Ingrid Hayden, also Officer-in-Charge at the UN mission in the country, UNAMA, reported that despite international engagement, President Ashraf Ghani and rival Abdullah Abdullah remain at loggerheads over the outcome of the presidential election held in September.
“Afghanistan appears to be reaching a defining moment. Almost two decades after the start of the coalition intervention, the question for the Islamic Republic now is: can its leaders rally together to engage in meaningful talks with the Taliban to achieve a sustainable peace?”, she asked.
“The choice is made stark by the all-encompassing threat of COVID-19, which poses grave dangers to the health of Afghanistan’s population and, potentially, to the stability of its institutions”.
Diversity in dialogue
The peace talks, known as the intra-Afghan dialogue, stem from an agreement signed in February between the United States and the Taliban. It also calls for the withdrawal of foreign forces in the country.
Ms. Hayden was heartened that despite deep-seated grievances, the Afghanistan establishment has agreed a diverse negotiating team for the process.
Representatives come from all major ethnic groups and include five women: an important recognition that women must be involved in efforts to achieve a lasting peace.
“UNAMA has encouraged the Taliban to reciprocate by including women in their delegation who have an empowered decisive voice at the table. Doing so would send a tangible signal that the movement has fundamentally reformed”, she said.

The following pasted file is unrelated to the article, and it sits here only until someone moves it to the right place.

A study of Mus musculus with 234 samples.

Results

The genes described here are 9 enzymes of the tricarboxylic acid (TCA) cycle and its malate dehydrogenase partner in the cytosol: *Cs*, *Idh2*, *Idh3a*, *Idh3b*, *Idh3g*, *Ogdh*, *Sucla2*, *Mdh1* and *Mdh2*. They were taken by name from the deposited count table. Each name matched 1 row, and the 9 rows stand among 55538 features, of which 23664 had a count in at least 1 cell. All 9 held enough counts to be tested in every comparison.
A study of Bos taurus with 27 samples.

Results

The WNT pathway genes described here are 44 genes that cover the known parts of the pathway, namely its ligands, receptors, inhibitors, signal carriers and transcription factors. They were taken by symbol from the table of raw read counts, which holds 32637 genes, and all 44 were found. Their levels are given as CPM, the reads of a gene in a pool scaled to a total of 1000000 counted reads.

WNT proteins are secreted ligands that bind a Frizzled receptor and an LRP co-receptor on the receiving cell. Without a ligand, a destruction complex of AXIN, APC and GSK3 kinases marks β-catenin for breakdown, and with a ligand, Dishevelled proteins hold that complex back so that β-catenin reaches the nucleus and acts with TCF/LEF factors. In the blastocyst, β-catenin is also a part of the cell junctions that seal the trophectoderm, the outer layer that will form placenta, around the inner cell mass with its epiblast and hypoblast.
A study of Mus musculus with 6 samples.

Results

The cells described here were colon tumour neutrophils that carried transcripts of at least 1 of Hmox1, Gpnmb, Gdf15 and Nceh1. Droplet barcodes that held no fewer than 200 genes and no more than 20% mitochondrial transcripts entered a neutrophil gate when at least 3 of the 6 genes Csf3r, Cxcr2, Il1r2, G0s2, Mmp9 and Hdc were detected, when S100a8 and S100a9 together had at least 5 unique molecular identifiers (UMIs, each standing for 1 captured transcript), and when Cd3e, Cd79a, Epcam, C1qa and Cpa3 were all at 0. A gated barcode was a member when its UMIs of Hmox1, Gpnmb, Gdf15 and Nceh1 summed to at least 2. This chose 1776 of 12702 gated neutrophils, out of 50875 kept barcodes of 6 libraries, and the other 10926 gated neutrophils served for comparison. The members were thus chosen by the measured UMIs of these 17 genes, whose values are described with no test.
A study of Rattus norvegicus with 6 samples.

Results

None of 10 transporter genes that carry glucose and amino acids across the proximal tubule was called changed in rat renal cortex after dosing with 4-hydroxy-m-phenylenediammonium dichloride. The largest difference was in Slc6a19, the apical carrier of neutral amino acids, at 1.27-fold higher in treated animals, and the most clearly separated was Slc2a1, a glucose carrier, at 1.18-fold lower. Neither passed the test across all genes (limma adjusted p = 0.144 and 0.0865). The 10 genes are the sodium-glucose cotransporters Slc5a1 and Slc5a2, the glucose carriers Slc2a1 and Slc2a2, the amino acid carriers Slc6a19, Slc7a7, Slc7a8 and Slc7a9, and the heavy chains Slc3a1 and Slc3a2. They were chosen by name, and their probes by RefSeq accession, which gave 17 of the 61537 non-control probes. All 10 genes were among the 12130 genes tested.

Under the US agreement, the Taliban also promised to reduce attacks targeting international forces. However, assaults against the national defence and security forces have been on the rise, while civilians also are affected by hostilities.
Ms. Hayden insisted this trend is reversible, pointing to the “significant reduction” in violence nationwide in the lead-up to the signing of the agreement.
Coronavirus threat looms
To move forward, UNAMA is urging Afghanistan’s political parties to resolve their differences and work together, particularly with COVID-19 raring to threaten the country’s fragile healthcare system.
The seriousness of the impasse is reflected in the recent announcement that the US will reduce its $4.5 billion in annual assistance to Afghanistan by $1 billion, with a further cut next year.
Ms. Hayden warned that the consequences could be severe, given Afghanistan’s “heavy reliance” on donor funding.
“Now is not the time for divisions,” she said. “Now is the time for statesmanship, accommodation and inclusivity. The interests of Afghans must come first – including the rights of all women, minorities and youth”.